Article first published online: 25 DEC 2001
Development, Growth & Differentiation
Volume 42, Issue 5, pages 469–478, October 2000
How to Cite
Kinoshita, M., Kani, S., Ozato, K. and Wakamatsu, Y. (2000), Activity of the medaka translation elongation factor 1α-A promoter examined using the GFP gene as a reporter. Development, Growth & Differentiation, 42: 469–478. doi: 10.1046/j.1440-169x.2000.00530.x
- Issue published online: 25 DEC 2001
- Article first published online: 25 DEC 2001
- green fluorescent protein;
- maternal factors;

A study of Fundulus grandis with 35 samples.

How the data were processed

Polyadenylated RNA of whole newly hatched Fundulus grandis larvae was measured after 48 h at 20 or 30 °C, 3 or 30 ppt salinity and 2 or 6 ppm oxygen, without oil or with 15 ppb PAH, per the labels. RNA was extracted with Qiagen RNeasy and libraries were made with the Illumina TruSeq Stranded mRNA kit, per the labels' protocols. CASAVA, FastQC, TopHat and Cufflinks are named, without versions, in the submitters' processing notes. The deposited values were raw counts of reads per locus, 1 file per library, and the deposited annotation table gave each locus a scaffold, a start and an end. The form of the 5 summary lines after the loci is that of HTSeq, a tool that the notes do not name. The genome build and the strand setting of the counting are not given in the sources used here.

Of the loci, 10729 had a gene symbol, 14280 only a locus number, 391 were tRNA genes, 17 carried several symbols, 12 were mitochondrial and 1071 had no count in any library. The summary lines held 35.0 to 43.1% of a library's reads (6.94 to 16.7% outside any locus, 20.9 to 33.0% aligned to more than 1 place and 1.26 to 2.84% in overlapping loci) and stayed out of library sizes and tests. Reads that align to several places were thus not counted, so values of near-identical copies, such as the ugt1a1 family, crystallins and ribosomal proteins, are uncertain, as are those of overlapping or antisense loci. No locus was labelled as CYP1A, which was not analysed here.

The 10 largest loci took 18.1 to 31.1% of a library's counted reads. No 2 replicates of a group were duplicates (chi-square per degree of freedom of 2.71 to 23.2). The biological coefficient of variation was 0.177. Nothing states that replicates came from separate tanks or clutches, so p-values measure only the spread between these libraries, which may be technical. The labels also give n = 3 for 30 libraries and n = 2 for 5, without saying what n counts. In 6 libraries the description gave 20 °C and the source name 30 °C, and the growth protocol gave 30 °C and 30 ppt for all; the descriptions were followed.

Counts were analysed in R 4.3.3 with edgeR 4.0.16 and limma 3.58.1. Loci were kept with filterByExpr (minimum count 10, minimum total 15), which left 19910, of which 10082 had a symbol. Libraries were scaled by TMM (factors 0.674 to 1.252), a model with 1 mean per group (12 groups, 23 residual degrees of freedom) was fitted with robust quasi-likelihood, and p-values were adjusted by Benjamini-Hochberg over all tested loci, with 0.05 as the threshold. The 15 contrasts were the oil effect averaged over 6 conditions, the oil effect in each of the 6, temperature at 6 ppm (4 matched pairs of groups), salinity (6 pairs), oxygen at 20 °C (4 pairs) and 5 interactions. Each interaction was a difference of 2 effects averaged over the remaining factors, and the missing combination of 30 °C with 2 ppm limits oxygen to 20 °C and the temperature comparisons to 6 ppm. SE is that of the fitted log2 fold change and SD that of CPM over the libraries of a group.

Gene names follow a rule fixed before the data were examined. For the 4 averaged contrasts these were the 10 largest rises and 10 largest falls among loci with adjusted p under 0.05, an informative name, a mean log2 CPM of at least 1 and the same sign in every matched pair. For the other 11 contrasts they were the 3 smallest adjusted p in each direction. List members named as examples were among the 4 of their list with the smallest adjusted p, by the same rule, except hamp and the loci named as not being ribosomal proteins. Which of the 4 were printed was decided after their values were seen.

The translation elongation factor 1α (EF-1α) is known to have several isoforms, which are expressed in a tissue- and stage-specific manner. Two genes encoding EF-1α exist per haploid genome in the medaka. In the present study, the promoter activity of the 5′-flanking region of the medaka EF-1α-A gene, an isoform of EF-1α, was characterized using transgenic techniques. First, using CAT gene as a reporter, it was revealed that about 1.8 kbp 5′-flanking sequence from the transcription initiation site of EF-1α-A was sufficient for high-level promoter activity. Second, the green fluorescent protein (GFP) gene fused to this region was introduced into medaka eggs using the microinjection method. Three germline transgenic individuals (one male and two female) were mated with non-transgenic medaka to obtain F1 offspring. In the case of embryonic and adult F1 transgenic individuals, GFP fluorescence was observed in almost all the tissues examined (e.g. kidney, liver, heart, gill, ovary, and testis), except for the skeletal muscle. In the case of F2 transgenic embryos derived from F1 transgenic males and non-transgenic females, the fluorescence was observed from the early gastrula stage. On the other hand, in the case of F2 transgenic embryos derived from F1 transgenic females and non-transgenic males, the fluorescence was observed even at the 1-cell stage, suggesting that this region is transcriptionally active during oogenesis. The usefulness of the EF-1α-A promoter as a tool for introducing foreign proteins into oocytes is discussed.